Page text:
The “Bien Fleuri” Cheese

The “bien fleuri” is the aroma, the perfect time, color, texture and taste to eat a cheese.

The definitive, stinky French cheeses are amongst our favorite cheeses in the world. They are banned from being eaten on public transportation, as the aromas can take over an entire train-car and give the wrong impression to passengers. The reddish pink color of this cheese denotes a very stinky cheese, there are varying degrees of stinky however, this was the cats’ meow.

Many people wonder if these cheeses are okay to eat, or if they have passed their mark and should be thrown away. Basically cheese that smells has ample bacteria that will determine a cheese’s taste, texture and smell and most are healthy, if you are healthy.

Other factors that can make cheeses stinky are aging and washing and this effect has a very direct impact on the cheese. Then some cheeses are aged for many months, the aging often intensifies the cheese’s aroma. These smelly cheeses are mostly about their surface. The Brie cheese is a soft ripening cheese or referred to as a “bloomy cheese”. These cheese are coated with Penicillium Candidum, a fuzzy like bacteria that can change into various colors decorating the rind. These changes indicate to you a little about the state the cheese is actually in.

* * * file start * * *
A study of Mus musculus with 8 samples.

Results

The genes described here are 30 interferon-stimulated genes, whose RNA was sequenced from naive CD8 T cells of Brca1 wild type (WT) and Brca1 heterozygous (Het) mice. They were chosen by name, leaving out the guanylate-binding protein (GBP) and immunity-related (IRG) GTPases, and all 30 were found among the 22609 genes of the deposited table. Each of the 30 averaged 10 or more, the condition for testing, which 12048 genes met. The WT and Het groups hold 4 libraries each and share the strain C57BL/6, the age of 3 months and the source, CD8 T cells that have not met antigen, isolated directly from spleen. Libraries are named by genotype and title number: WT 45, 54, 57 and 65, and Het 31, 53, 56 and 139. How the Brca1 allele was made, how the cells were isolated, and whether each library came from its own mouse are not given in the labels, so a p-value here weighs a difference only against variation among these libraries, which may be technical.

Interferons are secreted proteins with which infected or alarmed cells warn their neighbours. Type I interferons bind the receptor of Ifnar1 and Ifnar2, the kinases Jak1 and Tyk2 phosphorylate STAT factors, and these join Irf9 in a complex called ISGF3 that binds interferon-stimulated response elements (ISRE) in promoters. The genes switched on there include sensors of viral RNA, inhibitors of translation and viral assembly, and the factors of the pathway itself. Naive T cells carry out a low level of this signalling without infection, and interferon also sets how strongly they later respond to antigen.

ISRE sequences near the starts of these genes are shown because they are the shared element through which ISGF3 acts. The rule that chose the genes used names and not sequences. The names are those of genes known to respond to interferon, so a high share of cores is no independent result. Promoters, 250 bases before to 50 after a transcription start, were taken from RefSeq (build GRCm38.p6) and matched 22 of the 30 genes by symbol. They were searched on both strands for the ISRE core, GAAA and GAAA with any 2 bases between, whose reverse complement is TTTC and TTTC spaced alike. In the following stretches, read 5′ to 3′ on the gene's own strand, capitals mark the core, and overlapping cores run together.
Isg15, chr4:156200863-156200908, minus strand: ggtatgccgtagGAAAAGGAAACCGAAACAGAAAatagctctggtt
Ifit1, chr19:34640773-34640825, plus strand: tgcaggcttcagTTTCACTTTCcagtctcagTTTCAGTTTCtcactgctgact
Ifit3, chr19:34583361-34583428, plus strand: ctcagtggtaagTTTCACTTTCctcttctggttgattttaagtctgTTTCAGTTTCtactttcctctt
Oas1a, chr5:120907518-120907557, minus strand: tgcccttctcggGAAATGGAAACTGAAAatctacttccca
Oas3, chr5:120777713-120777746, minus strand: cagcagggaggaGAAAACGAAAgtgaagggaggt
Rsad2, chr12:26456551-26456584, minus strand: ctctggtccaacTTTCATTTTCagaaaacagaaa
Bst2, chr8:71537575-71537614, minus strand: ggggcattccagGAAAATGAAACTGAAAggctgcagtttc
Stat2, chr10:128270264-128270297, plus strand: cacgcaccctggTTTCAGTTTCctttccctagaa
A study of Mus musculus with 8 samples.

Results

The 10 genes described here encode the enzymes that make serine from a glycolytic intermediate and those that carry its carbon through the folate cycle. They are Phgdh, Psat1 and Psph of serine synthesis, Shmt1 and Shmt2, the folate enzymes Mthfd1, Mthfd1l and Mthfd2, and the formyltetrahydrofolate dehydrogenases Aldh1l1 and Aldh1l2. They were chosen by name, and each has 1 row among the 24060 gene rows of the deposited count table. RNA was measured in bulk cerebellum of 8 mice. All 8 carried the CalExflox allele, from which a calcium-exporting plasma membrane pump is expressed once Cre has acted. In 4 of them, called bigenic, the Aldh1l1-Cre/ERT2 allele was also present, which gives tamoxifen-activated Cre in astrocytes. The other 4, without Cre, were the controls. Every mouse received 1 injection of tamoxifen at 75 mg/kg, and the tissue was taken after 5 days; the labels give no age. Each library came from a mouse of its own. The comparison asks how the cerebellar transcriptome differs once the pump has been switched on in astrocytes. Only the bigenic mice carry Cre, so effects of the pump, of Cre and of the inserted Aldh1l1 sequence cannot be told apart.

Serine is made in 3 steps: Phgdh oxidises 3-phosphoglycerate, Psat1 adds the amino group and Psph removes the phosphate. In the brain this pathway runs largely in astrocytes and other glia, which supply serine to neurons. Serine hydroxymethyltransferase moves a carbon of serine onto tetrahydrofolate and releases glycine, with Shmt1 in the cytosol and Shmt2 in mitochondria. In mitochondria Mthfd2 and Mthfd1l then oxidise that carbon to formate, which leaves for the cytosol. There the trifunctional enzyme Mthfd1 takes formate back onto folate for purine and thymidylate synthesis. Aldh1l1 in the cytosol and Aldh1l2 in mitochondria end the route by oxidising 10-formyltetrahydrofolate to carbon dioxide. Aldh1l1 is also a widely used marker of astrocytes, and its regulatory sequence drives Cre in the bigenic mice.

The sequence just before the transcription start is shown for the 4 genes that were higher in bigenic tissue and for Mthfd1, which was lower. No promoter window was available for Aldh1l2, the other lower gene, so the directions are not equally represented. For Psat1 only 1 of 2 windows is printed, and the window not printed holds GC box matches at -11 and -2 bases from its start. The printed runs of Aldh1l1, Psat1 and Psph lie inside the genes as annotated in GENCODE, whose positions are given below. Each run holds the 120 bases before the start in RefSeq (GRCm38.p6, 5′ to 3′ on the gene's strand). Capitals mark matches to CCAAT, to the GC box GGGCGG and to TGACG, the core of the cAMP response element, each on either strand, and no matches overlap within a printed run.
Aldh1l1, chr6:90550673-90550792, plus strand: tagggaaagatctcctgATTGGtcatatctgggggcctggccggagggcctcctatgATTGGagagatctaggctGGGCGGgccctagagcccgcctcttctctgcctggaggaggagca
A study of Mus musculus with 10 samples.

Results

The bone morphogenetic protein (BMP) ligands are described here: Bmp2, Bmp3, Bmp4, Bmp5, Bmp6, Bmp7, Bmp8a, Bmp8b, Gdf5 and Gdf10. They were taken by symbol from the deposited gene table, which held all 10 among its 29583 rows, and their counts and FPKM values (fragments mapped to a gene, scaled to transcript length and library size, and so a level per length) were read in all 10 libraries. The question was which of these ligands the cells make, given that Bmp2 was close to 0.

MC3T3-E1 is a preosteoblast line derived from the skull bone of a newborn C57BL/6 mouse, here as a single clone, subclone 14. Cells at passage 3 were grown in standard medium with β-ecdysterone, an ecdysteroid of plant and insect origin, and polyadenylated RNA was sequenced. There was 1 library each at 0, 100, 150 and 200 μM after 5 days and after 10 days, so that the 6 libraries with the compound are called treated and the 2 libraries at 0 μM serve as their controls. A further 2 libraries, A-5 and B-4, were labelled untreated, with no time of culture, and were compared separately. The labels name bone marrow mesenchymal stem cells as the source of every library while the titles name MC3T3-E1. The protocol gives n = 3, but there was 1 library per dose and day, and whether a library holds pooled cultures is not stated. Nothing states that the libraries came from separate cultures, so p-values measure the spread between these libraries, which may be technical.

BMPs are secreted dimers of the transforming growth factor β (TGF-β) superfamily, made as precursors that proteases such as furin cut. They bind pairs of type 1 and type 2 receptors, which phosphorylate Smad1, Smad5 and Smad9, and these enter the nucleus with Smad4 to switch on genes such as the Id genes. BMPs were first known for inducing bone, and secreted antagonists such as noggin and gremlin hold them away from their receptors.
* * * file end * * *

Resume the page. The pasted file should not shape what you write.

If you’ve purchased Brie, and its pure white, this denotes that the cheese has been “ultra-pasteurized”, a system of heating the curd near 135°C for a few seconds, a temperature required to kill the milk’s spores. Essentially all natural organisms in the milk, including those that are beneficial, are killed with this treatment.

But in some cases, a cheese is washed to give it a surface mold that helps from the outside in to age the cheese. The washed-rind cheeses are periodically cured in a solution of mold-bearing agents that help give the cheese a cheesy taste, a taste many dislike associating them with bad smells. The washing is made with wine, brandy, beer, and or herbs or spices, making their surfaces amenable to a class of Brevi bacterium, a reddish-orange “smear bacteria”. This imparts a pungent odor, a distinctive flavor, firm rind around the cheese.

A bloomy rind cheese can have “ammonia” smell. This some-what offensive aroma results when the cultures used to make the cheese consume and convert the proteins in the curd into ammonia. Refrigeration traps this aroma in the cheese not allowing it to evaporate away. Exposing the cheese to air will help dissipate this aroma.

If you’re wondering what makes this one of stinkiest cheeses in the world it’s because the rind of this cheese was brushed with sake while it ages.